Local News

As City Grows, Number of Random Homicides Does, Too

Posted June 20, 2007
Updated June 22, 2007


"You don't believe that something like this could happen right outside, right there," said Nicolle Chacosky, who sells produce at the Farmer's Market, a place Nielsen visited often.

Raleigh police found the 22-year-old pregnant mother of two early Thursday morning behind the AmeriKing Food Mart on Lake Wheeler Road after a delivery driver reported a suspicious car in front of the store.

Detectives have offered little information about their investigation or how she died. They have said they believe the crime was random and are seeking the public's help in identifying a man in a composite photograph.

Cases like Nielsen's are becoming all too common, according to statistics from the State Bureau of Investigation. In the past year, nearly 15 percent of all homicide victims in the state were killed by strangers.

Although the overall number of homicides in Raleigh has dropped, the SBI numbers reflect a steady increase over the past three years of "stranger" homicides in which the victim did not know his or her killer.

Last August, Cynthia Moreland, a 48-year-old Progress Energy worker, was abducted from a parking garage beneath the utility company's headquarters in Downtown Raleigh. Ten days later, two people found her body behind an abandoned barn in Harnett County.

A week later, police charged Antonio Chance, 29, with kidnapping and murder. Prosecutors have said they plan to seek the death penalty.

And last June, LeRoy Jernigan, 41, was found dead inside the Circus Restaurant on Wake Forest Road. He was working as a cleaning contractor when he was shot to death, police said. Authorities have yet to make any arrests in that case.

"It's a fearful situation for the public, and it's a fearful situation for law enforcement," retired Raleigh police homicide Investigator Chris Morgan said.

Morgan, who headed the Major Crimes Task Force of the Raleigh Police Department until he retired in 2005, said that as the city's population increases, the number of stranger homicides increases. They are harder to investigate because the pool of suspects is so large.

"When you're looking for the offender, it's a daunting task for law enforcement also," Morgan said.

34 Comments


    @NCCARGUY - this is one of my many concerns I brought up on another article today and you said I was spoiled. Now your basicly saying the same thing here as I brought up about crime being out of control and your statement is to take this serious and act quickly. So which is it - Am I spoiled or not? Can't be both ways.

  • it is getting worse Jun 21, 2007

    we need tougher judges who don't let people off the hook...plain and simple.

  • floyd_lawson Jun 21, 2007

    Until the prison system wakes up and get's tough on violent offenders this will keep rising. Not necessarily any of the crimes in this article but a lot of the random acts are gang initiations. Prisons should take away their ac, tv, recreation, smokes and half of their food. Maybe then they won't think of prison as "a little down time".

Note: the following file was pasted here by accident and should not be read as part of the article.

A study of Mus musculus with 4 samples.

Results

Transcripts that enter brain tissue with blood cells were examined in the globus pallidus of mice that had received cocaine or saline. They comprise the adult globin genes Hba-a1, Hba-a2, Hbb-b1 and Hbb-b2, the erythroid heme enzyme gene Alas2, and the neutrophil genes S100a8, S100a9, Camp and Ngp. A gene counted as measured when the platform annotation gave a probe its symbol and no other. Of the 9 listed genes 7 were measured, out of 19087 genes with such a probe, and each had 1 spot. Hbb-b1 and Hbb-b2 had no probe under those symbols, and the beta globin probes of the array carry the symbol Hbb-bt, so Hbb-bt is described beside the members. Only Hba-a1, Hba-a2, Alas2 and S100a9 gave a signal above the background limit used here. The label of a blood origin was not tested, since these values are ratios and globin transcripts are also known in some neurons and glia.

• lnscustomwheels Jun 21, 2007

    Cynthia Moreland is my sister and we as a family had throughts in the back of our minds concerning her being raped. we were never told that is what happen to her until the news on yesterday.

  • owlady Jun 21, 2007

    Random violent crimes may be up or down. That still makes us just as vulnerable. People need to be aware of their surroundings at all times and lock doors, use the buddy system, etc.etc. Try to stay as safe as humanly possible. (delivering newspapers in the pre-dawn hours is a risky job for anyone, but most especially for a woman) Women need to be more careful when choosing ways to make money. I am so sorry for their loss.

  • I Hate Hippies Jun 21, 2007

    I fully support the conceal carry law and a hip holstered glock to take care of any problems. All the police do is get there in time to take a report, they hate being interrupted at Krispy Kreme.

  • TheLogicalOne Jun 21, 2007

    I lived in Philadelphia most of my life and the violent crime rate there is much worse than the Triangle.

    People here are knocking law enforcement in this area, but after living here for two years, I have seen more violent criminals here caught in a timely fashion than I did in Philly. Also, I see in the news more judges issuing high Bonds, rather than bail (which is easier to pay).

    I was a victim of violent crime in Philly, in broad daylight and had to fight like Rocky Balboa to protect myself. The guys were caught by Philly Police within a hour, and the idiot judge issues $3000 bail on a violent crime for both attackers. Needless to say they made bail and skipped town.

    I fully support Raleigh Police, Garner Police, The Wake County Sheriffs Dept, etc.

  • ahh-fooie.... Jun 21, 2007

    Original 1
    You might want to take the 5th!
    Besides I think you’re more of a #2

  • TruthIsSubjective Jun 21, 2007

    Nope.

  • 1 of the original Americans Jun 21, 2007

    DO YA'LL (I am trying to utilize local jargon) EVER GET TIRED OF BLAMING THE HISPANICS FOR EVERYTHING??